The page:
The difference between dry and dehydrated skin

Many people believe their skin is dry when it is in fact dehydrated. Consequently, they make wrong choices when buying skin-care products and incur further problems, such as oily skin, breakouts and blackheads etc. So for optimum skin care, it’s essential to know the difference between the two.

Dry Skin

Dry skin lacks oil because it doesn’t produce enough sebum. That’s why dry skin creams contain a larger quantity of oil or an equivalent substance such as shea butter for example. Dry skin needs nutrient-rich cream.

-Dry skin has NO oily areas anywhere on the face. For other types of skin, oily areas are usually found on the nose, chin and forehead. Wipe the sides of your nose with a tissue at the end of the day: if there’s no residue, chances are that your skin is normal or dry.

-Dry skin will often feel tight and uncomfortable when you smile or frown for example. This feeling is more obvious after cleansing. You feel desperate to smear cream on your face like a thirsty person wants a glass of water!

-Dry skin will VERY often show signs of roughness or peeling. Understand that these flakes of skin are definitely dead; you can’t bring them back to life! So it’s useless to try to hydrate these patches with a ton of creams and masks. Get rid of them by using a good exfoliating product, and then moisturize your living skin!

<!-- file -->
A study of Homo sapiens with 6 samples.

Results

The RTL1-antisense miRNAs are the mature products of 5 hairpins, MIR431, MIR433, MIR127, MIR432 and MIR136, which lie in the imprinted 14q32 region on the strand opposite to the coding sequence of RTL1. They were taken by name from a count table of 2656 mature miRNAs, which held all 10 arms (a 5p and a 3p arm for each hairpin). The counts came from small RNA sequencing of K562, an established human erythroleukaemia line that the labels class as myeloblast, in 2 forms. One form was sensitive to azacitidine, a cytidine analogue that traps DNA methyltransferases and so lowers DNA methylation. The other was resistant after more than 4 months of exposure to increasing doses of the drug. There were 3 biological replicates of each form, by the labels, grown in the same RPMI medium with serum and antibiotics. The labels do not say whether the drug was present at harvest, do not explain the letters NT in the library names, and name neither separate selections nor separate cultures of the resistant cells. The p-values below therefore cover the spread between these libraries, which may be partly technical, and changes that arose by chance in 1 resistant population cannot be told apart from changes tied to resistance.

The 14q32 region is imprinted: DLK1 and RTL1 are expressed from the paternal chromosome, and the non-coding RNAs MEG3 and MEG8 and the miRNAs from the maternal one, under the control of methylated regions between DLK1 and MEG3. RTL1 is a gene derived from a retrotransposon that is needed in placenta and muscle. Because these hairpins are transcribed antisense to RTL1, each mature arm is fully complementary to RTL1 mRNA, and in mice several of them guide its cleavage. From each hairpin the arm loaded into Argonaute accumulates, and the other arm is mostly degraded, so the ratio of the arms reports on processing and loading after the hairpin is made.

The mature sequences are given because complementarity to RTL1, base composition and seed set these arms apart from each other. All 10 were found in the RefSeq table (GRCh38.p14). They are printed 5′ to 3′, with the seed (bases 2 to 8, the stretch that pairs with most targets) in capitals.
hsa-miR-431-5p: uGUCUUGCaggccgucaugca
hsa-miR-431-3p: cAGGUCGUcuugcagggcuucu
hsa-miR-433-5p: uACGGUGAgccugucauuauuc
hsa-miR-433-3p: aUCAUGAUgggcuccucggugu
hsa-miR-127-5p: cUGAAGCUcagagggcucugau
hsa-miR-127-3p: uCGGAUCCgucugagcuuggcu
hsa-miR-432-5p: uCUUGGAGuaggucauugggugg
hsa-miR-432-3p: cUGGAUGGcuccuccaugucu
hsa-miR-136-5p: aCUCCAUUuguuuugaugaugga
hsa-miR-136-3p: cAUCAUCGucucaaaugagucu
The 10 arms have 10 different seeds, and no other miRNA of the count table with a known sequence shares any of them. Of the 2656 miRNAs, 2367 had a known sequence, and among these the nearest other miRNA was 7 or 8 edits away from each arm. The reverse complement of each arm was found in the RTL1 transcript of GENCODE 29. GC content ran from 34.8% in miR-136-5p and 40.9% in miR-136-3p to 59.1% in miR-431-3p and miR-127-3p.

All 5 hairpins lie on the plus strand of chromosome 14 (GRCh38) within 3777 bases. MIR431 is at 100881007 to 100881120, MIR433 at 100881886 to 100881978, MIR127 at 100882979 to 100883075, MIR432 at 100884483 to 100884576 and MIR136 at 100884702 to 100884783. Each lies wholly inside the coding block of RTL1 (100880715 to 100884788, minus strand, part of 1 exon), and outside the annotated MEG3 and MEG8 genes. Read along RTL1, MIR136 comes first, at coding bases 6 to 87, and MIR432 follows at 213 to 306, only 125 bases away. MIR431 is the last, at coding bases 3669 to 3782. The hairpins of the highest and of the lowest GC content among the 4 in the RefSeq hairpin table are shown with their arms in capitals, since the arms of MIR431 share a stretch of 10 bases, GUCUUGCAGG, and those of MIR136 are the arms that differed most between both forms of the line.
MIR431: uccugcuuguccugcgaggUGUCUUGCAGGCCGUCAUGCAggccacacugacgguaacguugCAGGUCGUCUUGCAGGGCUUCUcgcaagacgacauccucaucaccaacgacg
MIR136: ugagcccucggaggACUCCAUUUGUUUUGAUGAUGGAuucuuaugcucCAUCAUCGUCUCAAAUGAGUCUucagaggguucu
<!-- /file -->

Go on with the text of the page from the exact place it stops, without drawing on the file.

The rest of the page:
Dry skinned people should exfoliate twice a week, followed by a good moisturizing mask.

Dehydrated skin

Dehydrated skin is not officially a skin type because all types of skin can become dehydrated, even oily skin.

Dehydration is a lack of water. Your skin is thirsty, so give it a drink!

It’s difficult to differentiate it from dry skin because certain symptoms are similar such as the tight uncomfortable feeling, the rough patches and a strong desire to apply a moisturizer. The biggest difference resides in the production of sebum. If you have even a small amount of oil on the sides of your nose, forehead or chin, YOU DO NOT HAVE DRY SKIN. The same goes for blackheads or other blemishes (except for rosacea, but that’s another story………..) which are extremely rare on dry skin.

Dehydrated skin doesn’t need oil so avoid dry skin products. Unless your skin is both dry and dehydrated (alas yes, it’s possible).

How should you quench your skin’s thirst? Start from inside. If you don’t drink enough, it will affect your skin. Drink the suggested amount of water per day. It’s not necessary to force yourself to drink gallons of water. When you’ve had enough, your skin won’t take any more. It’s not a magic remedy though: you have to work on the outside too.

During the day and even during the night, moisture is evaporating from your skin. That’s why you must apply both a daytime and a night-time moisturizer to create a protective barrier and thus retain water inside the epidermis.

There are many available skin care ranges specifically designed for dehydrated skin on the market. I really like the Hydra-Quench range from Clarins. The Hydra-Quench cream, serum and mask are all great products. Clinique also has a good range for this type of skin. I like the Moisture Surge cream very much. There’s also Aqua-Source by Biotherm which is good for thirsty skin. Try the S.O.S non-stop mask: it’s like drinking a liter of water after running a marathon. I also love the Hydra-Chrono line from Lierac. The balm is amazing!

Normal or combination skin can become dehydrated during winter. You should use a different cream according to the season or use a serum for dehydrated skin under your regular moisturizer during the cold season.